One thing all of your hosts share here is a love of writing. Except, of course, Mandarin; he prefers shouting at the computer, especially when he reads Drudge. But he’s actually a skilled writer as well.
I, for one, think the problem is Sleestak’s inability to control his bowels.
I for one think the problem is Sleestak’s inability to control his bowels.
The answer depends; if you are speaking, the first one is more preferable because it puts a parenthetical pause around for one as if you were calling attention to your own opinion. You can hear yourself pause at each comma.
In writing, an astute editor would likely strike out those commas and go with the second one. The commas and their verbal pauses are unnecessary for a reader.
So the rules are often iffy. But, as a rule, people tend to put too many commas, into their writing, as the Czar is showing here. One can usually take out most of the commas and the writing becomes more compact.
If you don’t write as a profession or follow this stuff, you may not know that there is even a long-standing feud about commas, and writers will bicker about the Oxford comma and the serial comma.
Which of the following sentences do you prefer?
Serial—The company has offices in New York, London, Houston, and Toronto.
Oxford—The company has offices in New York, London, Houston and Toronto.
Do you see the difference even? In the Oxford version the comma has been removed after Houston. This preference is the official style of Oxford University although you will find it enforced in many locations, especially here in the States. Many corporations and law firms require the Oxford construction.
Like many rules of style that originate in England, they are based on nonsense. Split infinitives come to mind: there is nothing wrong with them, and the chief objection to their use originated in the late 19th Century when Latin was the craze. In Latin, one does not split infinitives (because one cannot: amāre, “to love,” cannot be split because it’s one word); hence, one does not split “to love” in English. This is pure tripe; splitting infinitives was previously and always allowable in English. In some cases splitting becomes necessary.
The Oxford comma is another; the thought is that one does not need the comma before a conjunction (and); therefore one should omit it.
Here is the problem with it: which lunch would you rather eat?
Serial—Today’s lunch consists of pizza, fruit cup, broccoli, and chocolate ice cream.
Oxford— Today’s lunch consists of pizza, fruit cup, broccoli and chocolate ice cream.
The Czar eats weird things, but broccoli mixed with chocolate sounds awful to him. The Czar and indeed most of the other Gormogon writers here prefer the serial comma; it is far too easy to trick a reader into misunderstanding the Oxford style, and thus it has no place in writing.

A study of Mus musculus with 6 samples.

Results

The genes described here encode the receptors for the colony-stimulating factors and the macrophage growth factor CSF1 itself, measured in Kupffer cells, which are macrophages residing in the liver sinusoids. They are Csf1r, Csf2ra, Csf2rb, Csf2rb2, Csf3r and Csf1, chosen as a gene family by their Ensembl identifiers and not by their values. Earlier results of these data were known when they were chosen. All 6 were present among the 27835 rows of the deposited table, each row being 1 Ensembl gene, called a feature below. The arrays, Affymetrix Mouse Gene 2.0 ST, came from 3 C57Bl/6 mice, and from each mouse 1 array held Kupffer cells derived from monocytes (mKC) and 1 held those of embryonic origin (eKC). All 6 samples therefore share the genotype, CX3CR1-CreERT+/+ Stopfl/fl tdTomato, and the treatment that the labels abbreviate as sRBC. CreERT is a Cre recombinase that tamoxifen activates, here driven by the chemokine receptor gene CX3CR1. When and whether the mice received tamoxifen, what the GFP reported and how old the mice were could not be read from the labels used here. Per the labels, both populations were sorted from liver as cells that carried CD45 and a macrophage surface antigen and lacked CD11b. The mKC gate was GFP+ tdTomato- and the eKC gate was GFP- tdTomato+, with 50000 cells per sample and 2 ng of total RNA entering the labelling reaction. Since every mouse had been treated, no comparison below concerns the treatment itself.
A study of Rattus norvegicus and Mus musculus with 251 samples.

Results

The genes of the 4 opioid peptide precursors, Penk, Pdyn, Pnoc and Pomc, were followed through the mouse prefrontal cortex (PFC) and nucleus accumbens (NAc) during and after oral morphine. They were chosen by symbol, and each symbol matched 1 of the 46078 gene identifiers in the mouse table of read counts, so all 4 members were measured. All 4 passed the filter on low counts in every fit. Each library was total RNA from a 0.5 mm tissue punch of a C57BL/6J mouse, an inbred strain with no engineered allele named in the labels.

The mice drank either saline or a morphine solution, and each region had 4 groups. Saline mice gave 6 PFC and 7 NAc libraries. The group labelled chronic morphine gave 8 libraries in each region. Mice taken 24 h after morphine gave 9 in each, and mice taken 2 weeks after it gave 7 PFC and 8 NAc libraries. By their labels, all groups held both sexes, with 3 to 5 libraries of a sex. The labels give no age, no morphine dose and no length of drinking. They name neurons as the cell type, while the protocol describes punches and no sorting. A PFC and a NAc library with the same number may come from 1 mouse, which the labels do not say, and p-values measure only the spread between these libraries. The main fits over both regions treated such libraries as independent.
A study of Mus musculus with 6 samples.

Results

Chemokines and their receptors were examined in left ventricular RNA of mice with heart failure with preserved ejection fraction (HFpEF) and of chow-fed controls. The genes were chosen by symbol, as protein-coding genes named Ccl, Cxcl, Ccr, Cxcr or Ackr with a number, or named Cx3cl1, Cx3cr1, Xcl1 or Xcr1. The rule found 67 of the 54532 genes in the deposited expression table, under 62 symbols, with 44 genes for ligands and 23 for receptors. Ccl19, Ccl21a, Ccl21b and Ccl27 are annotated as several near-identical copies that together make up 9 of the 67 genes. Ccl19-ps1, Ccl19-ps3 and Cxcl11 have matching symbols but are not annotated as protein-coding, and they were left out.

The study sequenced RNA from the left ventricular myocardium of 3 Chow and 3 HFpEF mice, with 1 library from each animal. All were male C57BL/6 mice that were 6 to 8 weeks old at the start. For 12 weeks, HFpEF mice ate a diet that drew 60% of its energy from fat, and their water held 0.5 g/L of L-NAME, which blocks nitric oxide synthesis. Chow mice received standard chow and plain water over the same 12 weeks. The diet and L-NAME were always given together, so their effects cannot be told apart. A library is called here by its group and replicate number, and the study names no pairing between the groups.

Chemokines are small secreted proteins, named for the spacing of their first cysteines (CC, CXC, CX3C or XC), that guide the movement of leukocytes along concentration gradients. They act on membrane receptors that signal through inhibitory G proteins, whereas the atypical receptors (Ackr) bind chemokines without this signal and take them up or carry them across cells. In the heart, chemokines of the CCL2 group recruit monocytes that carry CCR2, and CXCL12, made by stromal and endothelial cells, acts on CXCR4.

Does this sound stupid? Certainly it is, but writers get into loud yelling matches over the Oxford versus serial comma debate.
However, the Czar will remind his fellow writers that when you refer to a location like Boston, Massachusetts, you always put the comma after the state’s name, as well as the city’s. That’s non-negotiable.
With any luck, Confucius* will write in with some of his copious collection of pet peeves in writing. You think the Czar is tough? Try having him edit something of yours sometime. Which he will do. For a fee.
P.S. The Czar participated in a lengthy and enjoyable exchange with follower Mark Spahn concerning the a sentence construction the Czar used in a post quite a while back and whether it was correct. The Czar maintains he was correct, but Mark provided a lot of good evidence to the contrary just as the Czar provided possibly good evidence in support. Writers do that stuff all the time with each other.
*For those who came in late, Confucius is the Gormogons Œcumenical Volgi.
Божію Поспѣшествующею Милостію Мы, Дима Грозный Императоръ и Самодержецъ Всероссiйскiй, цѣсарь Московскiй. The Czar was born in the steppes of Russia in 1267, and was cheated out of total control of all Russia upon the death of Boris Mikhailovich, who replaced Alexander Yaroslav Nevsky in 1263. However, in 1283, our Czar was passed over due to a clerical error and the rule of all Russia went to his second cousin Daniil (Даниил Александрович), whom Czar still resents. As a half-hearted apology, the Czar was awarded control over Muscovy, inconveniently located 5,000 miles away just outside Chicago. He now spends his time seething about this and writing about other stuff that bothers him.